The average business loses 6 percent of revenue from employee theft. How to make sure it doesn't happen at your company.
Your employees wouldn't steal, would they? How can you be sure?
One morning, a manager at a ServiceMaster in Wichita, Kansas, was checking the inventory for a recent cleaning job. He did a double-take when he noticed a DVD/VCR was missing. The company checks items brought in for cleaning and must reimburse clients for any missing items.
Sam Lazarus, a partner in the company, says he trusts his employees. This time, though, he suspected foul play, so he called an all-hands meeting and reported the stolen item. When he mentioned the missing gear, he purposefully said it was a CD player and not a DVD player. One of the employees spoke up and corrected him. Coincidentally, this same employee had been confronted about a prior incident.
At the time, Lazarus says he could not prove the employee had stolen the items. When another item went missing, they confronted him and he fessed up to the thefts. While the technique may sound unusual, it worked as a deterrent–word spread about the stolen items, the employee was fired, and there have been no incidents since.
Many small companies have a hard time dealing with employee theft, but a few have found novel ways of confronting with the issue.
That’s true of Janice Walters-Taylor, the owner of BSASS, a company that does background screening for employees. Walters-Taylor says she marks every office supply, pen, and even printers and computers with the words “STOLEN FROM BSASS LLC” in bold letters. (She etches the words on more expensive items.) So far, she has viewed the inscription as a coy marketing tactic.
“When your pen is found out in the marketplace, it is invaluable,” she says. “But this has really cut down on the speedy attrition of office supplies. Luckily, I have not had to address larger stolen items.”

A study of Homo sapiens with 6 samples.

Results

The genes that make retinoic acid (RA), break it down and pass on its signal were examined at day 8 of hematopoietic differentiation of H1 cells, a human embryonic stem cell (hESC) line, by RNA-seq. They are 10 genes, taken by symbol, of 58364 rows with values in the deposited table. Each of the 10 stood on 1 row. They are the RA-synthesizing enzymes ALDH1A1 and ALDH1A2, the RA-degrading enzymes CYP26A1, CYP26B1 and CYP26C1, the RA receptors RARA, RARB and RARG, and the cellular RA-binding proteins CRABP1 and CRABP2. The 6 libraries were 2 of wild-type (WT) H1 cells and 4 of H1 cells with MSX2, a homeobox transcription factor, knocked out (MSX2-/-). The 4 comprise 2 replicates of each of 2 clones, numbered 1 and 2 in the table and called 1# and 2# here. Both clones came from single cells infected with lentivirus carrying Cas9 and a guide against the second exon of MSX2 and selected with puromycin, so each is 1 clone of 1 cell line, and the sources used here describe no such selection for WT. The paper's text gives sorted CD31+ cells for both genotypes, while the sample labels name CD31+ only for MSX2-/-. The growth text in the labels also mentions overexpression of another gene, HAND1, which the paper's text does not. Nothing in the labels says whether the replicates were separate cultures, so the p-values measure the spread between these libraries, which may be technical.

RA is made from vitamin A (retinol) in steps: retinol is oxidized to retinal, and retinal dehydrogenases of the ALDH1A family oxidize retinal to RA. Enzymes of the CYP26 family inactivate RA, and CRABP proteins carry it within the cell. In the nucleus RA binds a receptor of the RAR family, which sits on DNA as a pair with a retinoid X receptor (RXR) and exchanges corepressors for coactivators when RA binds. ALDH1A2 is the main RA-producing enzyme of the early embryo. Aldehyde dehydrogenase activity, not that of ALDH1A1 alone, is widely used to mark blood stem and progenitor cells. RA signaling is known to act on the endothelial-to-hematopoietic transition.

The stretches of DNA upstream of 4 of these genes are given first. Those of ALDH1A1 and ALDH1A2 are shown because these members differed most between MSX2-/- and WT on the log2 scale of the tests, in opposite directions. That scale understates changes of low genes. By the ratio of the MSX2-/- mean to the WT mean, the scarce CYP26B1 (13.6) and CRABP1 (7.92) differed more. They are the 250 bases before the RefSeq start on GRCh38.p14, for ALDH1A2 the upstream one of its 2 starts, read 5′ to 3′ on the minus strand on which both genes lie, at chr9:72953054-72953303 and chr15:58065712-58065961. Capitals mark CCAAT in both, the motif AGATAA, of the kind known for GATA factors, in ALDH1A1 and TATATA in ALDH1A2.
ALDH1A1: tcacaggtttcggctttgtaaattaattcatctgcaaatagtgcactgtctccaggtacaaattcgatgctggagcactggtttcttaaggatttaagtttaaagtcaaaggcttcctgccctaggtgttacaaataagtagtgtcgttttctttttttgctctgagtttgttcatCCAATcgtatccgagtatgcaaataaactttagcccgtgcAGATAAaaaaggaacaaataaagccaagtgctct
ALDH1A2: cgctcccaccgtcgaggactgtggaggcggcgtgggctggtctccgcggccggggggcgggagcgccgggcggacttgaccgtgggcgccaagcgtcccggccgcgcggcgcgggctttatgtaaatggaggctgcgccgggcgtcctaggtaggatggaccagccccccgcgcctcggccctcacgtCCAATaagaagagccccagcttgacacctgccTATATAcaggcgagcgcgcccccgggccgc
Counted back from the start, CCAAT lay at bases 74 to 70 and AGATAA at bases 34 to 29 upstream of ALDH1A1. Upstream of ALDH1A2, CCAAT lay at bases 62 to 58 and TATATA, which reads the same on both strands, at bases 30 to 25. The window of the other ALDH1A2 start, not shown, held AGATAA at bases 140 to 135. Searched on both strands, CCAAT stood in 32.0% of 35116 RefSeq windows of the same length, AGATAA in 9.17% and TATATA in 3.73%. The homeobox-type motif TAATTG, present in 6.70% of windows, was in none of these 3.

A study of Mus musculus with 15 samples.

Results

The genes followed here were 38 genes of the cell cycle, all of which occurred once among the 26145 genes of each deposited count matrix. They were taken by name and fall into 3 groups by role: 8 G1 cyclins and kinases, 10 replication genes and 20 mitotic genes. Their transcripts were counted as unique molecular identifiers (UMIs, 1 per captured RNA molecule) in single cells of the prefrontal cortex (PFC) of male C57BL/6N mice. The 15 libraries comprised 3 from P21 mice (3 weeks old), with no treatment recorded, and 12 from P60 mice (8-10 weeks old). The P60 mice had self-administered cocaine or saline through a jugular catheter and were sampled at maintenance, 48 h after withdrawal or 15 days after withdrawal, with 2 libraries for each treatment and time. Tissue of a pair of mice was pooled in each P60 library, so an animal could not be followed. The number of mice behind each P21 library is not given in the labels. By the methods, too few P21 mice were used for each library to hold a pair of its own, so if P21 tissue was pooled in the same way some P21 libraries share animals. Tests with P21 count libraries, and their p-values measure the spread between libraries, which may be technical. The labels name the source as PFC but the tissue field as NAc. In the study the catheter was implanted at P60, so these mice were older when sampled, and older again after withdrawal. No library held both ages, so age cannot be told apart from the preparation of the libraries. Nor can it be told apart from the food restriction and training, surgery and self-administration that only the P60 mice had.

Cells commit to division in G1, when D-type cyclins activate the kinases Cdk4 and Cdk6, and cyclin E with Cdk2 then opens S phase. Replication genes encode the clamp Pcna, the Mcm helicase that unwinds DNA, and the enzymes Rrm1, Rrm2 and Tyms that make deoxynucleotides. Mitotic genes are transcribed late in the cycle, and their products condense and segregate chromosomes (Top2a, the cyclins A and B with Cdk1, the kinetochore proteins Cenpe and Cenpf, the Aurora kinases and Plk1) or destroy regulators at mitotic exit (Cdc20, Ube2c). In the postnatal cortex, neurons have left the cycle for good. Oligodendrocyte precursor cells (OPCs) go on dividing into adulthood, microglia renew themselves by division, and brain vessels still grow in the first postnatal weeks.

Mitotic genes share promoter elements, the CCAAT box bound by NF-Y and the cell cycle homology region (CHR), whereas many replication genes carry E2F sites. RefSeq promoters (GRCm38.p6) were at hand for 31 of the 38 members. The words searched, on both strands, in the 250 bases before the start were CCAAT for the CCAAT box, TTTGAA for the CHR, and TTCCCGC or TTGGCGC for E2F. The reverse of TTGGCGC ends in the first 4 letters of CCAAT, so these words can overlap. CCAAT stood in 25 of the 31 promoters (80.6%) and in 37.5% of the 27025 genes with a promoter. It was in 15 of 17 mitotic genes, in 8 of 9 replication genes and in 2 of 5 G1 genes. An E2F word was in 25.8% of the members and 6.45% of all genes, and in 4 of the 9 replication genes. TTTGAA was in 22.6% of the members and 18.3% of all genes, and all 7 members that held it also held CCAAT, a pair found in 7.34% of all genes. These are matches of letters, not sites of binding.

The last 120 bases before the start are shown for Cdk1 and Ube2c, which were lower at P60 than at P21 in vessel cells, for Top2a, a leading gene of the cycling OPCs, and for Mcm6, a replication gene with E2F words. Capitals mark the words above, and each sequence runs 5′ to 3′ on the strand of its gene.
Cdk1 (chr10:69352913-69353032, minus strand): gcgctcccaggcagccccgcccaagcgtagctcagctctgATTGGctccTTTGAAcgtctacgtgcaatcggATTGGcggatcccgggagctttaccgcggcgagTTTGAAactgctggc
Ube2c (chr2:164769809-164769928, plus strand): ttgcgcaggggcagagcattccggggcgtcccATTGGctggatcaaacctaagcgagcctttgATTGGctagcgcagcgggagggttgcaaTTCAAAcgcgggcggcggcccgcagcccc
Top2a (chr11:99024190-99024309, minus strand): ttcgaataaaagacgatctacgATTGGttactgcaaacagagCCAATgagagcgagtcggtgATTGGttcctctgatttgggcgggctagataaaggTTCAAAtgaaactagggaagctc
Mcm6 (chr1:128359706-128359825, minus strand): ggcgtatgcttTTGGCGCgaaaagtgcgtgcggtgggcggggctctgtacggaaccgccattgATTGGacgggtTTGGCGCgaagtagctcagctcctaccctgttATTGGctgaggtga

Timothy Dimoff, a security consultant, speaker and author who addresses workplace theft issues, says small companies need to perform more detailed background checks of employees. Not hiring employees with a history of delinquent behavior is the best deterrent. He says another good deterrent is a clear and well-communicated policy about employee theft and the repercussions. Managers should be trained on how to look for behavior that is contrary to the company policies.
“Investigate all negative, suspicious, potential, and real actions in the workplace,” he says. “Treat your employees equally and try not to show favoritism. Disgruntled employees can justify stealing in their minds because they feel entitled or wish to retaliate due to the way they are treated.”
Emily Frost, an employment law attorney at Emily Frost Law, says one of the best tips for any small company is to develop a reward system for good behavior and whistleblowing. Altruistic employees often will be the first to report stolen items.
Steven Wolf, the Executive Director at Capstone Advisory Group, says employee theft can involve more than just stolen physical equipment. He has dealt with cases of misappropriated funds, duplicate payments, kickbacks, and re-selling inventory owned by the company.
“The Association of Certified Fraud Examiners (ACFE) estimates that the typical business will lose an average of six percent of revenues from employee theft,” says Wolf, who advises companies to devote more funds to combatting theft in the workplace and developing policies. Employee theft, he says, accounts for one-third of all bankruptcies, according to the US Chamber of Commerce.